This story is part of NRS reserves transformed by Proposition 84 funds, a series describing the facilities improvements and expansions at NRS reserves supported by Proposition 84 bond funds.
The threat of wildfire is an unsettling reality across southern California. In the Los Angeles Basin, Santa Ana winds can tip that risk into terrible disaster. Born of cold air tumbling downslope, these winds gain heat and ferocity as they descend from mountain passes and barrel toward the coast. Bone dry and gusting at highway speeds, they have the power to whip feeble flames into a roaring conflagration.
Santa Ana winds played a key role in the blaze that consumed much of Malibu in 1993. On the morning of November 2, an arsonist lit dry brush high in the Santa Monica Mountains. Propelled by winds of more than 60 mph, the Old Topanga Canyon fire left three people dead, charred more than 18,000 acres, and burned more than 300 structures.
Stunt Ranch Santa Monica Mountains Reserve was among the firestorm’s casualties. The fire incinerated much of the 310-acre reserve’s vegetation and completely destroyed its facilities. When the site joined the UC Natural Reserve System two years later, scientists assessing Stunt’s value to the University touted opportunities to study natural burn recovery in live oak and chaparral ecosystems.
Stunt Ranch would go without a field station for the next 20 years due to insufficient funds to rebuild. While the reserve continued to be a popular field trip destination for elementary school classes across Los Angeles, researchers with longer term projects tended to go elsewhere.
“People didn’t come to Stunt partly because there weren’t facilities. It’s great to do field work and awesome to be outdoors; Stunt offers that. There are times, though, when you need some amenities like wifi or shade,” says Gary Bucciarelli, director of research at the reserve.
Only after Californians passed Proposition 84 in 2006 did the situation change. The proposition made up to $20 million in bond funds available for NRS facilities and land, provided UC invested an equal amount in the projects.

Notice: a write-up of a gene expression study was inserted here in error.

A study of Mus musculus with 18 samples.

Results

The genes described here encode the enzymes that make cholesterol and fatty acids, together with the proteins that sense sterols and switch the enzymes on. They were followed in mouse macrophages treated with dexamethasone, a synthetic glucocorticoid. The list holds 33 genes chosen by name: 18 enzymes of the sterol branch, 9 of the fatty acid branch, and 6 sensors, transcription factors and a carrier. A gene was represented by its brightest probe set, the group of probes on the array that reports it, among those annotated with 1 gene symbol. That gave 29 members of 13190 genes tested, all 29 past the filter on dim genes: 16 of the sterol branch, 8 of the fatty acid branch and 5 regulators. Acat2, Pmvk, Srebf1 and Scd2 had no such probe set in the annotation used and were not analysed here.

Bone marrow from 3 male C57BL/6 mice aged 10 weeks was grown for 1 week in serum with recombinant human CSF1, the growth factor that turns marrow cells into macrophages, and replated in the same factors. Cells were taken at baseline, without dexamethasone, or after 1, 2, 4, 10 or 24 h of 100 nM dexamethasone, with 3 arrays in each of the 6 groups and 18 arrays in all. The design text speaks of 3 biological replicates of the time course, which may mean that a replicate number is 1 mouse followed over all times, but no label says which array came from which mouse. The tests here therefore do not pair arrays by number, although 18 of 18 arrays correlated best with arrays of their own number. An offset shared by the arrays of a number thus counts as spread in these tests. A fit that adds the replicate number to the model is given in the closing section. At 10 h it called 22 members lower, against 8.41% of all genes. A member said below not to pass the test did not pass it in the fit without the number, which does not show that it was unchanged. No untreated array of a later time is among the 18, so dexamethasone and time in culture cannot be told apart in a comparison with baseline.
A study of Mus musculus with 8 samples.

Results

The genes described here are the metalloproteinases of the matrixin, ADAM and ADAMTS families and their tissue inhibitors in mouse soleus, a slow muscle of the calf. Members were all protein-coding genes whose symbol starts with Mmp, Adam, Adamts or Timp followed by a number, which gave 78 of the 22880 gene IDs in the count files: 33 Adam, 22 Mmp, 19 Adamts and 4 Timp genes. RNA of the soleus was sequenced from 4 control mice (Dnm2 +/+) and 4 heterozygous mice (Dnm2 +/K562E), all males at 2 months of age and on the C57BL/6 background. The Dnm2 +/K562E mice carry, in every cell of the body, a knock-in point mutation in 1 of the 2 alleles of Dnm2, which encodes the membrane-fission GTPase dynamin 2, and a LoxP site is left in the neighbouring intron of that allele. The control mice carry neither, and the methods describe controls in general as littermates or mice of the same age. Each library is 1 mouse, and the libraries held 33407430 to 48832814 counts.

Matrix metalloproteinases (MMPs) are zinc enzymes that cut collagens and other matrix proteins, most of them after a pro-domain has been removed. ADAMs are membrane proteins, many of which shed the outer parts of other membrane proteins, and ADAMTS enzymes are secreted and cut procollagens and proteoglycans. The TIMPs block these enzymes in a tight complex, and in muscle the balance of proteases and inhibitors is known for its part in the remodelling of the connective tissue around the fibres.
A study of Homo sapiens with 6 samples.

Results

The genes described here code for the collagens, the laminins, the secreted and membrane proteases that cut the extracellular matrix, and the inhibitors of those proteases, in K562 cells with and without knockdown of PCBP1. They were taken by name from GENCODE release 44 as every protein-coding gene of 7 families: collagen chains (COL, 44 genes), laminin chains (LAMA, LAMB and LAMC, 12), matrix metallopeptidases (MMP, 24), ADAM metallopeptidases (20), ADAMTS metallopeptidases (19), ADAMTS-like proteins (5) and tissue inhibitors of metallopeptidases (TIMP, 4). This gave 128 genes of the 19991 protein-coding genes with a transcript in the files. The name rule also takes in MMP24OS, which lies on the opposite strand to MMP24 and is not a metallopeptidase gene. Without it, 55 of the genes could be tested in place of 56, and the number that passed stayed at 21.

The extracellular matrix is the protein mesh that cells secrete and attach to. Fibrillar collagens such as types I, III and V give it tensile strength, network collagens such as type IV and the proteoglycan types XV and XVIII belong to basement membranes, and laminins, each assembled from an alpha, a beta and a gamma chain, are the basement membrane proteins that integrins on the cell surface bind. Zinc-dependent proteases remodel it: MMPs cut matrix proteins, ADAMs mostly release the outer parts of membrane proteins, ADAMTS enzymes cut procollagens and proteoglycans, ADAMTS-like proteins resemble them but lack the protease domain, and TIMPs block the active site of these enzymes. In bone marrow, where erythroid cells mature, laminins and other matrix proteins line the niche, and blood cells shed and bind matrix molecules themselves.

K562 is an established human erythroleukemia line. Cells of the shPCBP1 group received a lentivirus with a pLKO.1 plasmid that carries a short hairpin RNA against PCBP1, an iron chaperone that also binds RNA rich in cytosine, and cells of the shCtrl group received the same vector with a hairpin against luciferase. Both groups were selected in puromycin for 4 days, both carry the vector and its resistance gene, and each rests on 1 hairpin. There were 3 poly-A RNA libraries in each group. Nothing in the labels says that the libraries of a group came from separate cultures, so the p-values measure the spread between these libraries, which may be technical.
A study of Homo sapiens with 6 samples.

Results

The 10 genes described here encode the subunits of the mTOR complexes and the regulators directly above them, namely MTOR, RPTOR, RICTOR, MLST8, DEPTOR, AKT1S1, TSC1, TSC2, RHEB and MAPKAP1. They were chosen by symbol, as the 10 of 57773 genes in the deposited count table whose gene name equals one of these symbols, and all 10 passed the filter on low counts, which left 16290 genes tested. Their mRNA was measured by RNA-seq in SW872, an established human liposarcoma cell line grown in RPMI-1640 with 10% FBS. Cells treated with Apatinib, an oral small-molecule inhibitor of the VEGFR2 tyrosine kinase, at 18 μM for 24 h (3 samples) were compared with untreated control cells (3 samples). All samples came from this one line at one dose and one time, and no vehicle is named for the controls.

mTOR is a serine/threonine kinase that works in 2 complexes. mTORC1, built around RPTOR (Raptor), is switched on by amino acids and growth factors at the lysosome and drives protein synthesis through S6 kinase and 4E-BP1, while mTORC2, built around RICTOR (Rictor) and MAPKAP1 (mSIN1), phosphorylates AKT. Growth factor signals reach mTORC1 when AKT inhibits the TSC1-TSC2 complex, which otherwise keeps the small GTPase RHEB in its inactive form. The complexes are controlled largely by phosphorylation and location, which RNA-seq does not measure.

The University proposed to rebuild the field station at Stunt Ranch on the footprint of former facilities, minimizing disturbances to the surrounding land. UC Los Angeles, which manages the reserve, and the NRS contributed $965,00 in cash and in-kind project management services by Carol Felixson, reserve director at the time.
Construction began in 2012 and lasted for a year. The resulting building, which reuses the foundation of the previous field station, is “a beautiful execution of Frank Lloyd Wright’s ‘of the land, not on the land’ principle,” Bucciarelli says. “The design does not stick out at all. It blends in seamlessly.”
The building’s two boxy components, a large classroom-cum-nature center and a workroom, are connected by an expansive deck and trellis. A restroom building and exterior sinks are attached to a corner of the workroom. All of the spaces are elevated, affording an expansive view of the surrounding meadow and the tilted rock layers that form this segment of the Transverse Ranges. A wheelchair lift links the parking lot, which includes a disabled parking space, with field station facilities.
The all-metal, fire-resistant structure is extremely energy efficient. “You would think it would heat up like a tin can in the sun. But it has passive cooling built in, so it can be 100 degrees outside and like 70 inside,” Bucciarelli says.
Other resource-minimizing features include toilets that require no water to flush, and sinks that empty into an evaporation pool with a waterproof liner.
The building has proven well suited to the needs of both researchers and classes. The larger classroom building, which is also equipped with a kitchenette and audiovisual equipment, can accommodate meetings of up to 50 people.
The building has become a favorite among local land managers and conservation groups looking to hold meetings. “There’s maybe only one or two other sites in the area that can hold that many people, but they charge exorbitant prices. We do our best to make Stunt available to benefit the community and outreach related to research and natural history,” Bucciarelli says.
The workroom, meanwhile, provides space for researchers to examine specimens under microscopes, process samples, and store materials in the cabinets.
Stunt Ranch also received upgrades to its utility lines and repairs to its access road. And in a nod to the inferno that consumed the previous facilities, the new field station has a fire suppression system complete with two 5,000-gallon water storage tanks, fire alarms, building sprinklers, and its own fire hydrant.
Since the new facilities opened in 2013, the reserve has experienced a remarkable surge in reserve use. “The year by year trend is fourfold increases in usership,” Bucciarelli says. The most numerous visitors are schoolchildren, between 3,000 and 5,000 per year, mostly in grades 4–7 and 9–12. Hundreds more undergraduates and academic researchers come to the reserve each year as well to study everything from hummingbird physiology to anthropology.
The new Stunt Ranch facilities, says Bucciarelli, “support the reserve’s endeavors at a level we could not have achieved without this resource. It has made a huge difference.”